It’s 7:30 a.m. and a green Mercedes 12-seater crunches up the gravel in the hostel’s driveway. Henry Pizarro, my guide for the morning from HP Tours, beckons for me to get into the van.
That morning he is running a few minutes late from a flat tire. “I am never late,” he apologizes, checking his mirrors as he pulls out onto the road leading to Manuel Antonio National Park. I believe him. Henry has been running his tour company, HP Tours, for only a few years, but it’s clear that he’s a professional.
The Road to Manuel Antonio National Park
As soon as we emerge onto the main road from Quepos to Manuel Antonio, lessons on biology begin. He tells me the bright yellow flowers scattering the road are a welcome to me. This golden tree is a protected species; people cut it down for its flowers, which are the most vibrant yellow blossoms I’ve ever seen.
We chat about Costa Rica, and what it means to be a licensed naturalist guide. Courses on flora and fauna of Costa Rica are required, and a certified guide carries an identification from the ICT (Instituto Costariccense de Turismo). “It’s important to get a licensed guide because they care more about whether you actually learn something,” Henry expounds. His actions speak as loudly as his words, as he manages to spot a rare stick bird with its baby perched in a tree. We haven’t even entered the park yet!
We cross the threshold between protected and unprotected land, and Henry emphasizes the importance of following the rules: we do NOT feed the animals, we do NOT go off the path. The former for the animals’ sake more than ours–human hands carry bacteria that can be potentially fatal to critters. Authorities have posted grisly signs with photos of monkey autopsies near the park entrance that proclaim: A FED MONKEY IS A DEAD MONKEY.
We stay on the path because, who are we kidding, Mother Nature always wins in a fight and without the proper knowledge, most of us wouldn’t last very long in the jungle. Further, Manuel Antonio National Park is part of the 25% of Costa Rican land that the government officially protects in order to preserve the country’s biodiversity.
Spotting Wildlife in Manuel Antonio National Park
Over the course of about four hours, I begin to believe Henry must have some sort of super powerful x-ray vision. Through the dense foliage he spots iguanas, crabs, a perfectly camouflaged frog. A Tiger heron, two-toed sloths, three-toed sloths, and a snake chilling on the roof of the ladies’ room.
A few howler monkeys and white-faced Capuchins make an appearance, although fewer than normal because the full moon from the night before meant the same thing for monkeys as it did for many of us: a night spent up late partying.
We admire a Purple Crown hummingbird hovering near its home in the shade, watch a mischievous pair of fearless raccoons swipe a kid’s sandwich, and we learn that a whiptail lizard can reproduce female offspring without the aid of a male lizard.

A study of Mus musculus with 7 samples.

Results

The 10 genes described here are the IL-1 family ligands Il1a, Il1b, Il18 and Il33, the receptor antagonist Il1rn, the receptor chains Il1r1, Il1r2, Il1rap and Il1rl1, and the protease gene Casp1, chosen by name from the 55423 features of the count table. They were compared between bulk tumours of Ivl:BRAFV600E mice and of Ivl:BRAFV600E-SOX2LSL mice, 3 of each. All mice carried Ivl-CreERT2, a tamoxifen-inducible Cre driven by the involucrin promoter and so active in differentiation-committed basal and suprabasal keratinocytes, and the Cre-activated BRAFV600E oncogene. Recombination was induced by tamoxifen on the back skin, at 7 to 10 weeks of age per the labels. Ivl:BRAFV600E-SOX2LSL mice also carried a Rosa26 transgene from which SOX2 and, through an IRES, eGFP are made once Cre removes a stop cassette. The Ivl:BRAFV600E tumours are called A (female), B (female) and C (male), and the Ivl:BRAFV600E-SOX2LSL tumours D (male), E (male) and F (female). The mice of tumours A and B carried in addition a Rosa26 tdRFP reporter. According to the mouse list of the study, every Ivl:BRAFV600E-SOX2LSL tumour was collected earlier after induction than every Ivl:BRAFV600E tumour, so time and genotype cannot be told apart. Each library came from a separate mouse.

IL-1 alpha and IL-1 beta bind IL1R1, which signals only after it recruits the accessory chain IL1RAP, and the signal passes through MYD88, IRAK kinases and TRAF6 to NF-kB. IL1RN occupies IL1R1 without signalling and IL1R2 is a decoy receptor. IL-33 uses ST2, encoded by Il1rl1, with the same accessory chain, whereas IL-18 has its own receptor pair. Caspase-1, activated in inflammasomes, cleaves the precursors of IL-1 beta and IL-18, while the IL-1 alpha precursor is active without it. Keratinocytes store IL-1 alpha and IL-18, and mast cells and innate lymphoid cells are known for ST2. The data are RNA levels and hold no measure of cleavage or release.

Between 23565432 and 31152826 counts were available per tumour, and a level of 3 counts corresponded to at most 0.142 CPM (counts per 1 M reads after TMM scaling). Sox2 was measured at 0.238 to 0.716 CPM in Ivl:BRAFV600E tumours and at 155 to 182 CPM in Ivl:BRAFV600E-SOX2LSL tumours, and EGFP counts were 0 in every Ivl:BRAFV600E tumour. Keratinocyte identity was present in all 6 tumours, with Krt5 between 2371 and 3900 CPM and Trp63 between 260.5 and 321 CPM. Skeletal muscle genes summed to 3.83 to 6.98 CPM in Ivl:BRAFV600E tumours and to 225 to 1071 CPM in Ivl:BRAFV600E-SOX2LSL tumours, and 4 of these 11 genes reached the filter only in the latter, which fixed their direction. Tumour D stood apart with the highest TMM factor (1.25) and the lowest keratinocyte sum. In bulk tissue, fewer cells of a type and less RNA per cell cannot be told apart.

As we walk, Henry also tells us about the natural medicinal uses of some of these plants. This one’s good for parasites, that one’s good for hangovers. You can crush the limoncillo berry and rub it on your skin to repel insects. If you pay close enough attention, by the end of the day you’ll have enough info to just maybe make it out of that place alive–if you got lost, that is.
The morning flies by, and soon we have passed the pristine beaches within the park (some of the country’s best swimming spots), have sipped coconut water straight from the source and made a snack of its meat, have waded the murky waters near the exit of the park to arrive back in the green van. Henry drops me off at my hostel, and I think about all the things I would have missed had I not seen the jungle with the help of his eyes. All of it, probably. Well, maybe I would have seen the raccoons…
How to Get There:
Manuel Antonio National Park is located in Manuel Antonio, Puntarenas, Costa Rica. Park hours are Tuesday-Sunday, 7 a.m. – 4 p.m. Entrance fee is $10. Public buses run frequently from Quepos (cost: 280 CRC) or you can get a cab (about 2,500 CRC).
HP Tours is owned and operated by Henry Pizarro Espinoza, a certified tour guide. For personalized private and group tours to Manuel Antonio National Park, Rainmaker Reserve, Nauyaca Falls and more, call Henry at (506) 2777-1555, (506) 8345-9963, or email him at firstname.lastname@example.org.
Tour prices for Manuel Antonio National Park cost $40 USD. Price includes park entrance fee ($10 USD) pick-up and drop-off at your lodging, a hearty snack & water/juice, and a guide with a great sense of humor and desire to teach!
Special thanks to Henry Pizarro Espinoza for subsidizing our tour. All opinions are my own.